PARIS - Tax optimization is no longer a matter just for the multinationals. A number of market players are now tailoring strategies originally drawn up for the corporate whales to the minnows, or small businesses and independent entrepreneurs.
Whether the businesses are active in imports and exports, or in services, recent scandals involving document leaks, such as the so-called "Paradise Papers" earlier this month, show that a wider variety of companies are trying to lower their tax bills.
"When people talk about tax evasion, they think about multinationals. But the problem affects smaller companies, too," said Oxfam France spokeswoman Manon Aubry, noting that owners of several small and medium-sized firms have also been caught up in scandals recently.
While tax evasion is illegal, there are a number of strategies that experts have devised for firms to structure their business operations to avoid tax.
Called tax planning, tax avoidance, or tax optimization, these strategies stay within the letter of the law, if not the spirit.
Nevertheless, they are spreading.
"These are practices that are going mainstream," said Christian Chavagneux, an editorialist at the French magazine, Economic Alternatives, who has written a book on tax havens.
He dubbed it "the democratization of fiscal optimization," noting that the majority of the firms caught up in the Luxleaks scandal in 2014 were medium-sized.
Nevertheless, given the opacity of the practice, it can be difficult to measure exactly how widespread it has become.
Jean-Eudes du Mesnil du Buisson, head of the French confederation of small and medium-sized businesses, CPME, said there was "no doubt some small and medium-sized businesses involved, but it is far from being a common practice."
By contrast, Paul Duvaux, a Paris-based tax lawyer, said he has seen "frequent use" of these tax schemes by owners of small businesses.
"Multinationals don't have anything on small businesses," he said. "These are legal practices. They only have to use the tools available to them."
Manon Aubry of Oxfam France said that, in reality, the use of such schemes was somewhere between commonplace and niche.
"For multinationals, what is at stake financially is much greater. But the cost of access to these schemes is sufficiently low to make them interesting to small and medium-sized businesses, as well," she said.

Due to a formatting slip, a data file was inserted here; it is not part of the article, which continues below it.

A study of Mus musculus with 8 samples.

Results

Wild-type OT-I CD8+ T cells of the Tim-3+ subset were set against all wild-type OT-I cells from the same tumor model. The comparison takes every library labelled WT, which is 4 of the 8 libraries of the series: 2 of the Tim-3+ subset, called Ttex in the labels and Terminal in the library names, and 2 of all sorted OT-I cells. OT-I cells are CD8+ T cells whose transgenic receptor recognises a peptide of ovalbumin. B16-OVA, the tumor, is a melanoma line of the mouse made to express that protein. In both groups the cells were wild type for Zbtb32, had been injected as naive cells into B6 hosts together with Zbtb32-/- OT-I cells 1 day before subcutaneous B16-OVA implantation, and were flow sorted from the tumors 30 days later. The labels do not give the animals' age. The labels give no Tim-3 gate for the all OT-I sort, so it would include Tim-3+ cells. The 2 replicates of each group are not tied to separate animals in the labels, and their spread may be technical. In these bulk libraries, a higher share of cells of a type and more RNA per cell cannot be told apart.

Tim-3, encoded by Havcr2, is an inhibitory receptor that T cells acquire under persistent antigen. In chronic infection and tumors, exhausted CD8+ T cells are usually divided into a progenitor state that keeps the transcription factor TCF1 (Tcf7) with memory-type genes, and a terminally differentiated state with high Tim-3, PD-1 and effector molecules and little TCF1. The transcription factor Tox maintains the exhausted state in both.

Aubry pointed to a number of firms offering tax optimization services that advertise on the internet, including helping businesses create subsidiaries in Luxembourg, or a European headquarters in Ireland, or creating offshore companies.
One firm, Bethel Finance, says on the French version of its website that "all of these techniques are used by big groups and they are perfectly legal. Our goal is to offer them to small and medium-sized businesses."
And it isn't just business owners looking to lower their taxes. These tax advisors are known to prospect as well.
"When I created my company, the first letter I received proposed an offshore account to bill my foreign clients," one IT entrepreneur told AFP on condition of anonymity.
His accountant then suggested he arrange his work as a subcontractor to a firm, which then bills his clients, that is located in low-tax Ireland.
"It's a fairly widespread practice" in the sector, he said.
'TAX HAVENS FOR EVERYONE'
Given the differences in their operations, the strategies don't work for the all businesses.
"Tax havens are mostly for professions where the work can be done at a distance and no physical place to work is needed, such as consulting and mail order," said Duvaux, the tax lawyer.
"Tax evasion is easier when one works on the internet than when one is a betting office," noted Oxfam's Manon Aubry.
The increasing digitalisation of the economy poses risks, with Oxfam calling for more transparency and regulation, in particular verification of intermediaries.
The increasing offer of tax optimization services hasn't gone unnoticed.
In July, an employee of the France Offshore firm was handed a two-year jail sentence.
The firm, which operated from 2008 to 2012, advertised itself as offering "tax havens for everyone" via tax schemes that ran through Latvia.
"There is still progress to be made, but things are advancing," said Christian Chavagneux at Economic Alternatives.
The arguments of defenders of these tax optimization schemes shouldn't be taken at face value, he insisted.
"Their defense is to say that 'it's legal'. But often that legality hasn't been tested in court," noted Chavagneux.